Value investing is the strategy of buying stocks trading at prices lesser than their intrinsic values. People who invest into such stocks are referred to as value investors and they actively seek stocks that have been undervalued by the market. They believe that market often overreacts to different news stories, leading to price movements that don’t reflect the actual long-term fundamentals of the concerned companies, thus providing an investment opportunity to these investors. As a result, value investors can purchase stocks at lower prices than normal.
Value investing requires a contrarian approach, apart from a long investment horizon. If we look back at the statistics of the past hundred years, we’ll notice that value investment strategy has outperformed various index returns across many equity markets.
Why it’s not easy
A major task related to value investing is correctly estimating the intrinsic values of different stocks. Please note, there is no specific correct intrinsic value when it comes to stocks. Two investors may place completely different values on a given company even if they’re provided the exactly same information. This is where the concept of ‘margin of safety’ comes into the picture. It implies that you purchase stocks at a discount big enough to give you some room for error in the value estimation.
Furthermore, value investing has a subjective definition, which varies from investor to investor. While some look only at the current assets/earnings ratio, without placing any value on the potential future growth of the company, others have entirely different strategies revolving around the future growth estimates and cash flows. Regardless of the methodologies used, it all boils down to the ability of buying something at a price lesser than its actual worth.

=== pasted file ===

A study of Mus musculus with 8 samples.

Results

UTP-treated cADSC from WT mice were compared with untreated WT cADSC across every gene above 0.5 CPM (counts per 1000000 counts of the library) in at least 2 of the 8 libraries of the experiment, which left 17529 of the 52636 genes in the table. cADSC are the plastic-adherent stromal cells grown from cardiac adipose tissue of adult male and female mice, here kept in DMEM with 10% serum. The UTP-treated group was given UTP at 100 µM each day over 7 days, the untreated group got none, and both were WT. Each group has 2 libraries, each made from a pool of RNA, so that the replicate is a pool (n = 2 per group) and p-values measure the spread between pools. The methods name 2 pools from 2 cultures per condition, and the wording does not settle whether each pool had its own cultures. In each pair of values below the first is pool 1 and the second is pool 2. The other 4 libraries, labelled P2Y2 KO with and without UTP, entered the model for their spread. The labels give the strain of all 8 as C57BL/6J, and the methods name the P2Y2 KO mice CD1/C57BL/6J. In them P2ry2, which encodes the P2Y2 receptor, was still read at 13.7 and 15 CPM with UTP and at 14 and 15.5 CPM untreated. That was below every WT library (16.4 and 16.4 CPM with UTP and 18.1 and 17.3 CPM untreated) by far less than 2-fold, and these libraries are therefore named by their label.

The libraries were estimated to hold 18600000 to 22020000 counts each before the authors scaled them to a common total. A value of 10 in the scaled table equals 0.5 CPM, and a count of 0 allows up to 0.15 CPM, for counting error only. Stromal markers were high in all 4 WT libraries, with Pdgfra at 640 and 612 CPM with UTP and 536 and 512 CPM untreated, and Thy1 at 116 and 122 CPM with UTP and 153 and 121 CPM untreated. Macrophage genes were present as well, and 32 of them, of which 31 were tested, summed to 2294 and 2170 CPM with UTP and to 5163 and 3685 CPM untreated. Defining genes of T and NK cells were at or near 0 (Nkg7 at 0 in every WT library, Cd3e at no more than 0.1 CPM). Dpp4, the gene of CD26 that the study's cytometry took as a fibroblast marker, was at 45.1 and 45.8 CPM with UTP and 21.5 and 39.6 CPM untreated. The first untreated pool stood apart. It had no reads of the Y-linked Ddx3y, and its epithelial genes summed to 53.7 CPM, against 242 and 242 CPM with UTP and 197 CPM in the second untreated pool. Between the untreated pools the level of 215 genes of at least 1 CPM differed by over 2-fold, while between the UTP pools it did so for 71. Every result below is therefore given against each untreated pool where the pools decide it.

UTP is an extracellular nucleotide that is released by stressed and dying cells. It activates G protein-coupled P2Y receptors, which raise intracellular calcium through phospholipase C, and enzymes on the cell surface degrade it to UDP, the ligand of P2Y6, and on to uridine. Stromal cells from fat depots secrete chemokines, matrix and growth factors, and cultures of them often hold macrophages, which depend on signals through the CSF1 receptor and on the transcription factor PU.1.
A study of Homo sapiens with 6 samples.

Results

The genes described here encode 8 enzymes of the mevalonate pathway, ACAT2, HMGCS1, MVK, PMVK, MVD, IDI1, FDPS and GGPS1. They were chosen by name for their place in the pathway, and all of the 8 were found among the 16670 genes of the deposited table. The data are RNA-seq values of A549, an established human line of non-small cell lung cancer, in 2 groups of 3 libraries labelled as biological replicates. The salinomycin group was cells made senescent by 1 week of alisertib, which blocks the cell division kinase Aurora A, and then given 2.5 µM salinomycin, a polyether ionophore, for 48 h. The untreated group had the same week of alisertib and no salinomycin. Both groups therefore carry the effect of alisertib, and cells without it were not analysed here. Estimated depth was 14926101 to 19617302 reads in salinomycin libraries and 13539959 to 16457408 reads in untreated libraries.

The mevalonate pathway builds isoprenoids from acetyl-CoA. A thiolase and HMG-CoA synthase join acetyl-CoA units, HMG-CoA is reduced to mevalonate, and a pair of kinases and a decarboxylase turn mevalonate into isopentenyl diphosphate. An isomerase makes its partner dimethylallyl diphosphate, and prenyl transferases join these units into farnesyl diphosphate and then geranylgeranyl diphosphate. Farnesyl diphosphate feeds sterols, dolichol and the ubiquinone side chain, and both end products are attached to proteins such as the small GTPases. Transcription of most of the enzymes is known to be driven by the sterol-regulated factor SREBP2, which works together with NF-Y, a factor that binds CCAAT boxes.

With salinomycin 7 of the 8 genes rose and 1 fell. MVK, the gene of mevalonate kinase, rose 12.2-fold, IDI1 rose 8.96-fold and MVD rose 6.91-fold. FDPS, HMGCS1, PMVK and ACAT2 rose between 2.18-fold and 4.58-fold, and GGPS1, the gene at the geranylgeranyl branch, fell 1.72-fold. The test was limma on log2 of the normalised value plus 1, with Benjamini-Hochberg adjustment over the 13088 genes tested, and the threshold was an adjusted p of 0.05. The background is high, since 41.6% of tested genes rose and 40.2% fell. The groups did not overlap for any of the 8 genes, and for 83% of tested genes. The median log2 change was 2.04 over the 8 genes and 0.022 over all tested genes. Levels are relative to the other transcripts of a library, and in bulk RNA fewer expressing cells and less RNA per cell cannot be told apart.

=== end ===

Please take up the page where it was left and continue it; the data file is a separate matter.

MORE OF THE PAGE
Why stocks may trade at discounted rates
Stocks may trade at discounted rates owing to several different factors. Nevertheless, the most commonly known reason is the short-term profit-related disappointment among investors. Many a times, such disappointments can also result in strong emotional reactions from the shareholders who may resultantly, sell all their holdings, fearing further negative results.
Value investors on the other hand recognize and place importance on two important facts. First, majority of businesses have a long-term perspective of their existence and the actual effect of such short-term setbacks is negligible on the long-term valuation of the businesses. Second, value investors recognize the fact that when viewed over the long term, poor profit results get gradually reversed and strong profit results tend to slow down with the passage of time. This is a powerful fact, one which is not easily believed by everyone.
Value investing is an art that exploits the irrational behaviour patterns of emotional investors. Emotion is always a constant feature when it comes to market investments. Even though the companies on offer may change from one decade to the other, the basic human nature of investors doesn’t. Fear and greed still have a very strong hold on everyone, just like they did a hundred years ago.
Mutual fund investments are subject to market risks, read all scheme related documents carefully.